Harnessing the power of handsets for emergency management

EENA document on handset requirements & emergency services

Harnessing the power of handsets for emergency management




Mobile phones, or handsets, offer vast opportunities for emergency management and rescue organisations. From the information a handset can provide to emergency services to the information rescuers can send to citizens, the role of the handset is crucial.





But how exactly can we harness this power?

This is what the latest EENA document “Mobile Handset Requirements - Communication to Emergency services” is all about.


Who is this for?

The document is a must-read for all stakeholders involved in emergency call handling, including:

  • Emergency services
  • Handset manufacturers
  • Mobile Network Operators
  • Government officials involved in telecommunications and similar fields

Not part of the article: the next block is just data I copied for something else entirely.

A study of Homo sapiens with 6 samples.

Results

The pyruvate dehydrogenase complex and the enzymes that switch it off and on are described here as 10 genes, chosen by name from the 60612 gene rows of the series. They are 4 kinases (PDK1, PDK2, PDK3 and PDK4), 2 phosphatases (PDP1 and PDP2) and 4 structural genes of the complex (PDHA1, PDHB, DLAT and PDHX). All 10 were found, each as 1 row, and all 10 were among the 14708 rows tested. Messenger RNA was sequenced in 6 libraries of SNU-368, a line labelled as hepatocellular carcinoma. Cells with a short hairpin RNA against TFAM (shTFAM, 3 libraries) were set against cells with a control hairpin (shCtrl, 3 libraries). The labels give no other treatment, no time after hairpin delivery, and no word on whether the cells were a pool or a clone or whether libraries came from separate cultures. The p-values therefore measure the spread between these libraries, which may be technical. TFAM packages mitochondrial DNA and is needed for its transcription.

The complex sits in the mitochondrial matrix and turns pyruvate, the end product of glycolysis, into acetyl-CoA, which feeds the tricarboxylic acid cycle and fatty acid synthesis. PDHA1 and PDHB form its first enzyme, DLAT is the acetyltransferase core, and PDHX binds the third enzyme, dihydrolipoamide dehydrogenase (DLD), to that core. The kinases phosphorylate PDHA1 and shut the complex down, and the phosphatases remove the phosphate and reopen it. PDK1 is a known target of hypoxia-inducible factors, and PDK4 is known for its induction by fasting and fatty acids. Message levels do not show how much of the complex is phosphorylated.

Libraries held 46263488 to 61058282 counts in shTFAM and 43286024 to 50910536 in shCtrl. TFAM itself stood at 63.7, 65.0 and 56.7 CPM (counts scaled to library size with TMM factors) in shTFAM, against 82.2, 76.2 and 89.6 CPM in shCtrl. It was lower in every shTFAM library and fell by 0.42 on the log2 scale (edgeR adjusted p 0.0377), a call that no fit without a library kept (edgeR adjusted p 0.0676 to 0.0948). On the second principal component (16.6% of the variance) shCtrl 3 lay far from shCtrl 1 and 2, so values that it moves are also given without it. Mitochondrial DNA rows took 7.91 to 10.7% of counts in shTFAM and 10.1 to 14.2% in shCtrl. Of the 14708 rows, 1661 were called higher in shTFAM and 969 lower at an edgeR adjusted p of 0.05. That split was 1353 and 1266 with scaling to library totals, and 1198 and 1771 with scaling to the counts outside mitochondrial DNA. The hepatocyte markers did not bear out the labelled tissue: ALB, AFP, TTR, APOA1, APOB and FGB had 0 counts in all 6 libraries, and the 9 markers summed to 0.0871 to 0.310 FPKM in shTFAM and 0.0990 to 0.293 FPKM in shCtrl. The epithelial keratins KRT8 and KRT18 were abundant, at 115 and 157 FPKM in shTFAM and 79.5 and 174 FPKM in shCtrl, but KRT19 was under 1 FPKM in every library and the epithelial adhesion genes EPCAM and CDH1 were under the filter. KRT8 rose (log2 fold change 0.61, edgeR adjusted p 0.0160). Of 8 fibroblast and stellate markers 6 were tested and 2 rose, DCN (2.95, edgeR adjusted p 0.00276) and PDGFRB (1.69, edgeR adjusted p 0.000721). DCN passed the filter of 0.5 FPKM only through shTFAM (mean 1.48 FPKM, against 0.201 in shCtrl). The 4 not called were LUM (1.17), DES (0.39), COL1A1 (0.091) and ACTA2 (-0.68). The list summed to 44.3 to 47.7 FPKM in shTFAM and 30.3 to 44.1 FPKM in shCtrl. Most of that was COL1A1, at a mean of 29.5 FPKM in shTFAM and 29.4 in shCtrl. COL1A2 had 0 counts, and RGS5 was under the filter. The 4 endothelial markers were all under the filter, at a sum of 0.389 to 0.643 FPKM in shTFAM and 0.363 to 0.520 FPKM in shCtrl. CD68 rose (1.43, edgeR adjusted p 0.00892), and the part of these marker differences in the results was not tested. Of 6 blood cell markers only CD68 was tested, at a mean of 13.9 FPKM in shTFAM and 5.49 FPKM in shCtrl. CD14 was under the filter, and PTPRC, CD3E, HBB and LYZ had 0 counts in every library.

• All other relevant stakeholders


Key-issues of emergency management

Learn everything there is to know about handset capabilities and emergency services, with concrete requirements about topics including:

  • Caller location
  • Handset-based location
  • Caller/handset identification
  • Data registered by the owner of the handset
  • Public warning
  • Mobile coverage
  • Accessibility
  • Emergency apps
  • Privacy
  • and more...


We want to thank Mr Björn Skoglund, EENA Operations Committee Vice-Chair (112 Service, SOS Alarm, Sweden) for his great contributions to this document.




EENA, the European Emergency Number Association, is a Brussels-based NGO set up in 1999 dedicated to promoting high-quality emergency services reached by the number 112 throughout the EU. EENA serves as a discussion platform for emergency services, public authorities, decision makers, researchers, associations and solution providers with a view to improving the emergency response in accordance with citizens' requirements. EENA is also promoting the establishment of an efficient system for alerting citizens about imminent or developing emergencies.

The EENA memberships include more than 1300 emergency services representatives from over 80 countries world-wide, 80 solution providers, 15 international associations/organisations, more than 200 Members of the European Parliament and over 90 researchers.